36 Hours in Madrid: A Cyclist’s Guide
This is the thirteenth in our ongoing series of blogs highlighting the cities along the route of our Trans-Europa cycling tour. Each year we have brought our cyclists to these cities and have learned a few new useful tips for those who might be considering heading there. So whether you are thinking to join our tour or plan on cycling there yourself, we hope this information will be helpful.
“No city on earth is more alive than Madrid, a beguiling place whose sheer energy carries a simple message: this city really knows how to live.” – Lonely Planet
The city boasts over 200 km of bike lanes and plans to add another 400 by 2024. They are classified into five types: bike lanes, shared-use paths, car-shared lanes, bike sidewalk-path and greenways. The Anillo Verde Ciclista (Cyclist Green Ring) is a bikeway that surrounds the city of Madrid. It is 64 kilometres long and the average time to go around it is 4 1/2 hours. There are rest areas with exercise stations, benches and information plaques.
In case your bike needs TLC or a day off, Madrid has a bike share system – BiciMAD. The network consists of 123 stations and 1560 bicycles. Cost is €2 for the first hour, €4 for the second.
Madrid has number of bicycle rental outlets. The best of the lot is Rent & Roll Madrid. They offer city, mountain and classic bikes for rent from €5-20/day, have a wide range of accessories and offer a 24/7 delivery and collection service.
Is your bicycle sounding a little off? Madrid has a number of quality bike repair shops. Try MadBike. Open daily 10:00 – 14:00 & 16:30 – 20:30. Closed on Sunday.
The best way to see any city is by bicycle and this is especially true of Madrid. Look up Madrid Bike Tours. Their 3 hour Essential Madrid Tour, covering 10 kilometres, features the city’s monuments, parks, gardens, including the Royal Palace, the Plaza Mayor, the Puerta del Sol and the Cathedral of Almudena. Of course, you can always just hop on your own bike and check out some of Madrid’s numerous cycling routes. Spain’s vías verdes programme has converted thousands of miles of disused train tracks into stunning cycle routes. There are four green ways in the Community of Madrid (the wider Madrid region), including the Gasolina Greenway, a short and easy ride to the north of Madrid that goes past the beautiful El Capricho park (well worth a stop). Another possible route is to take line nine of the Madrid Metro to Arganda del Rey and ride the Tajuña Greenway along the river of the same name. You will pass through pretty meadows and forests and past village churches.
Many of Madrid’s’s hotels welcome cyclists and will be able to offer storage rooms and bike racks – check before you book.
Campers can stay at Bungalows Camping Alpha, located just 12 km from Madrid’s city centre. It has a great view of the surrounding countryside, pool, wifi, washer/dryers, restaurant, bar, coffee shop and supermarket. If it is raining, cabins are also available to rent.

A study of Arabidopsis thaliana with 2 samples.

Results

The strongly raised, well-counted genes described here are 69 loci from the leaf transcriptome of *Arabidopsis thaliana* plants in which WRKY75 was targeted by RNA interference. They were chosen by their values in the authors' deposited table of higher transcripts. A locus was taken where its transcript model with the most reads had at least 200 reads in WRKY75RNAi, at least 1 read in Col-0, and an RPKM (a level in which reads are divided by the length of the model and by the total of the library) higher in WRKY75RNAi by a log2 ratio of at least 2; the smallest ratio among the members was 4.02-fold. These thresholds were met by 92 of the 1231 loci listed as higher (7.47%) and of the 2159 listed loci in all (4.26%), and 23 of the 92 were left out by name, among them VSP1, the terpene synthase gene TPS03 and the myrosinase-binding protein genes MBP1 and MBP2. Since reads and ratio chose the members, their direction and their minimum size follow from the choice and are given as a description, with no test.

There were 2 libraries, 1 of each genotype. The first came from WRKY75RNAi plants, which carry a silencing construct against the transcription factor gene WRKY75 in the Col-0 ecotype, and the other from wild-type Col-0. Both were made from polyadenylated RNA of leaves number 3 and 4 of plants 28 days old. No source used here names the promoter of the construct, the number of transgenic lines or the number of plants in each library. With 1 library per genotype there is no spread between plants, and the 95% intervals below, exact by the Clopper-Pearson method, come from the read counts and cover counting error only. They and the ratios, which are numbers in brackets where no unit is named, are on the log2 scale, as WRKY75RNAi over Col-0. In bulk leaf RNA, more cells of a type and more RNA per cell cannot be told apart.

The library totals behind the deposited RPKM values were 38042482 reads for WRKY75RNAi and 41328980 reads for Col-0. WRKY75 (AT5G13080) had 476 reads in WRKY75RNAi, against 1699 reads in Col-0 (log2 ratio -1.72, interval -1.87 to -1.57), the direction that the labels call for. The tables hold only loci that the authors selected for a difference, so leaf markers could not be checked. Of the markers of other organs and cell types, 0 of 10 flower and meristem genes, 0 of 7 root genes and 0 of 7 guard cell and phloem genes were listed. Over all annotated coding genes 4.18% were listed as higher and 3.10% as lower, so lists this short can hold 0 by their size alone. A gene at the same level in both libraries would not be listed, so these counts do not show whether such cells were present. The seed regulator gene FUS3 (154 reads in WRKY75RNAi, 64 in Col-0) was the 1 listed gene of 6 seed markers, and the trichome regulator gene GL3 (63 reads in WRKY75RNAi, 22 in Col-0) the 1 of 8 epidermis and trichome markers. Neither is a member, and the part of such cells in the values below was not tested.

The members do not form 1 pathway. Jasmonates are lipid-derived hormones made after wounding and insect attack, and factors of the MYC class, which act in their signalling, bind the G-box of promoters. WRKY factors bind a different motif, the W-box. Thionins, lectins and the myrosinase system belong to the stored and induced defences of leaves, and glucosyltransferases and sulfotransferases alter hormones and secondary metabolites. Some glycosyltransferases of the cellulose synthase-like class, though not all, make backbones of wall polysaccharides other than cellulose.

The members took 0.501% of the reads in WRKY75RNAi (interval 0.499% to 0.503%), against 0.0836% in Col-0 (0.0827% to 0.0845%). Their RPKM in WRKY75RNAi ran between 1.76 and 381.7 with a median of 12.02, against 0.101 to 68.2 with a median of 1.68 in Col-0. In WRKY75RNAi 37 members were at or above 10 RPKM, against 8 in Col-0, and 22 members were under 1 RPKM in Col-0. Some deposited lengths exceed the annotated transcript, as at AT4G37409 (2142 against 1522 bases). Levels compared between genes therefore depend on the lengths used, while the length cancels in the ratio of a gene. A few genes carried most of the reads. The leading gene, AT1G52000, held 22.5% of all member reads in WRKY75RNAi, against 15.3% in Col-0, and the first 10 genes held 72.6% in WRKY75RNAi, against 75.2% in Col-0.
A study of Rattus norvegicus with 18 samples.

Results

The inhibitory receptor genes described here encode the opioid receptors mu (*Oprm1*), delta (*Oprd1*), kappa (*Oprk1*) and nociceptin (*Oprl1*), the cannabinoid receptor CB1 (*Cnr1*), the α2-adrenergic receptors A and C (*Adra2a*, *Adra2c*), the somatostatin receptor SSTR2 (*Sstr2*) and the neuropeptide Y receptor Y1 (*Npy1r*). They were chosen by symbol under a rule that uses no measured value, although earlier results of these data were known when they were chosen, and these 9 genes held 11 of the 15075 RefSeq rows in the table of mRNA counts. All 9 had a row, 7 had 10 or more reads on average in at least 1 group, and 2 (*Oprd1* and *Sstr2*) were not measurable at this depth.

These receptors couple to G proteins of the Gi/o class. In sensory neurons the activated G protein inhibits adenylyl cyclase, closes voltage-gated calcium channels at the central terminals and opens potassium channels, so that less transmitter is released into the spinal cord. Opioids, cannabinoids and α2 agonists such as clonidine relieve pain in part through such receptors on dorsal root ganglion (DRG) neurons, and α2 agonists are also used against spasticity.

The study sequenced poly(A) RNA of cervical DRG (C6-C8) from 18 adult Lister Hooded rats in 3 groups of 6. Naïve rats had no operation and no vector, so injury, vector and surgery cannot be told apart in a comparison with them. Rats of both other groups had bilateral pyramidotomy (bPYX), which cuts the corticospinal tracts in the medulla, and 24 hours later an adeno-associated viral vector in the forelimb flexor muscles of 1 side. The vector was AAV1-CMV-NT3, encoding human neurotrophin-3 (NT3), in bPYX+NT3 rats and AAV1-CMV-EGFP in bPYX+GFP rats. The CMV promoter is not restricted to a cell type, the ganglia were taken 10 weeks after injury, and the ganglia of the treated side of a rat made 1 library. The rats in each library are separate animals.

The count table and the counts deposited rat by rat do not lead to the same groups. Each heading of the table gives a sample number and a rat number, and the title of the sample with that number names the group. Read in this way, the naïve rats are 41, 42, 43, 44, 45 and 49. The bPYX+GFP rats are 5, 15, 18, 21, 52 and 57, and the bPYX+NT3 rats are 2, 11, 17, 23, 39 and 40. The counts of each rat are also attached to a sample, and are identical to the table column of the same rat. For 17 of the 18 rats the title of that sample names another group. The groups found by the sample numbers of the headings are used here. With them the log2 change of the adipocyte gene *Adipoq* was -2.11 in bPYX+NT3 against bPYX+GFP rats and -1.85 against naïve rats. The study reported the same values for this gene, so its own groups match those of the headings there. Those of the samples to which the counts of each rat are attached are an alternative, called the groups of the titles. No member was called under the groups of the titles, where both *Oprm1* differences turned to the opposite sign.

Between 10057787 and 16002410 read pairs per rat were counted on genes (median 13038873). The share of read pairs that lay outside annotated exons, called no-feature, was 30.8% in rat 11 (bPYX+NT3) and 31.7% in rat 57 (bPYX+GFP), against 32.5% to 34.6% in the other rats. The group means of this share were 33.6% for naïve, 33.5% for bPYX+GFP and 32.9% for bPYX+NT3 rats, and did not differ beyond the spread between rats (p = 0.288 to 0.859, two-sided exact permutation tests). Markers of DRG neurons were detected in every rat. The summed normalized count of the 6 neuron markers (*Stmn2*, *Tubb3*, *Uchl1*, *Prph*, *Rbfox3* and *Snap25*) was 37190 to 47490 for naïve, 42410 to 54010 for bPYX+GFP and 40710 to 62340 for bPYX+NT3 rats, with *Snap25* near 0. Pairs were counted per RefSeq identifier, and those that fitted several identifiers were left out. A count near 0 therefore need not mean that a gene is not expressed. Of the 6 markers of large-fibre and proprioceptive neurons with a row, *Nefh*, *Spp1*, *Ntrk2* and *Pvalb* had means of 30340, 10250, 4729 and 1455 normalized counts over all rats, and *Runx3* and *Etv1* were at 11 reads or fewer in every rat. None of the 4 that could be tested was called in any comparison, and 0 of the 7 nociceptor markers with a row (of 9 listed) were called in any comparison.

Eat, drink, relax
After a day of spinning past Madrid’s incredible sights, riders can head to the upcoming areas of Lavapiés and La Latina, located in the southern end of Madrid Centro. These cool, bohemian neighbourhoods are filled with art, music, and nightlife and home to Madrid’s best multiethnic dining, from Indian to Ethiopian. The Sunday market in La Latina is packed with antiques (and people) and a wander through the narrow streets can result in surprising discoveries like community gardens and trendy cafes. Stop in to try the tapas at Juana la Loca – maybe the smoked eel & hazelnut gratin millefeuilles with Iberic bacon? Or simply have a seat at the dozens of stalls in the Mercado de la Cebada and fill up on fresh seafood.
For a nightcap, cyclists should head to the Plaza Mayor and grab a seat at one of the outdoor patios overlooking the square. People-watching accompanied by wine, vermouth, Sangria, Jerez (sherry) or a balloon glass of gin & tonic is highly recommended. Those in search of a great view should seek out Azotea del Circulo. The rooftop bar atop a beautiful 1920’s building offers arguably the best viewpoint of Madrid, overlooking the Castellana and Plaza de Cibeles. Finally, for beer aficionados, there is Naturbier. Sit outside on the busy terrace and soak up the atmosphere of Plaza Santa Ana or find a spot in the bricked vaults underneath the square, which once belonged to an ancient church. Some of the tables even have beer taps from which you can pull your own pints.
The Trans-Europa in Madrid
The riders of the Trans-Europa convoy into Madrid arriving at the friendly and relaxed Hotel Reyes Catolicos. After enjoying the city’s charms, the riders convoy together out of the city until they reach the small town of Quijorno where they continue west on the way to their next rest day in Caceres. Be sure to check out our ‘Cyclist’s Guide for Caceres’ coming soon.
For more information on Madrid, please see 36 Hours in Madrid, Spain – New York Times.
Experience Madrid on the 2018 Trans-Europa Cycling Expedition.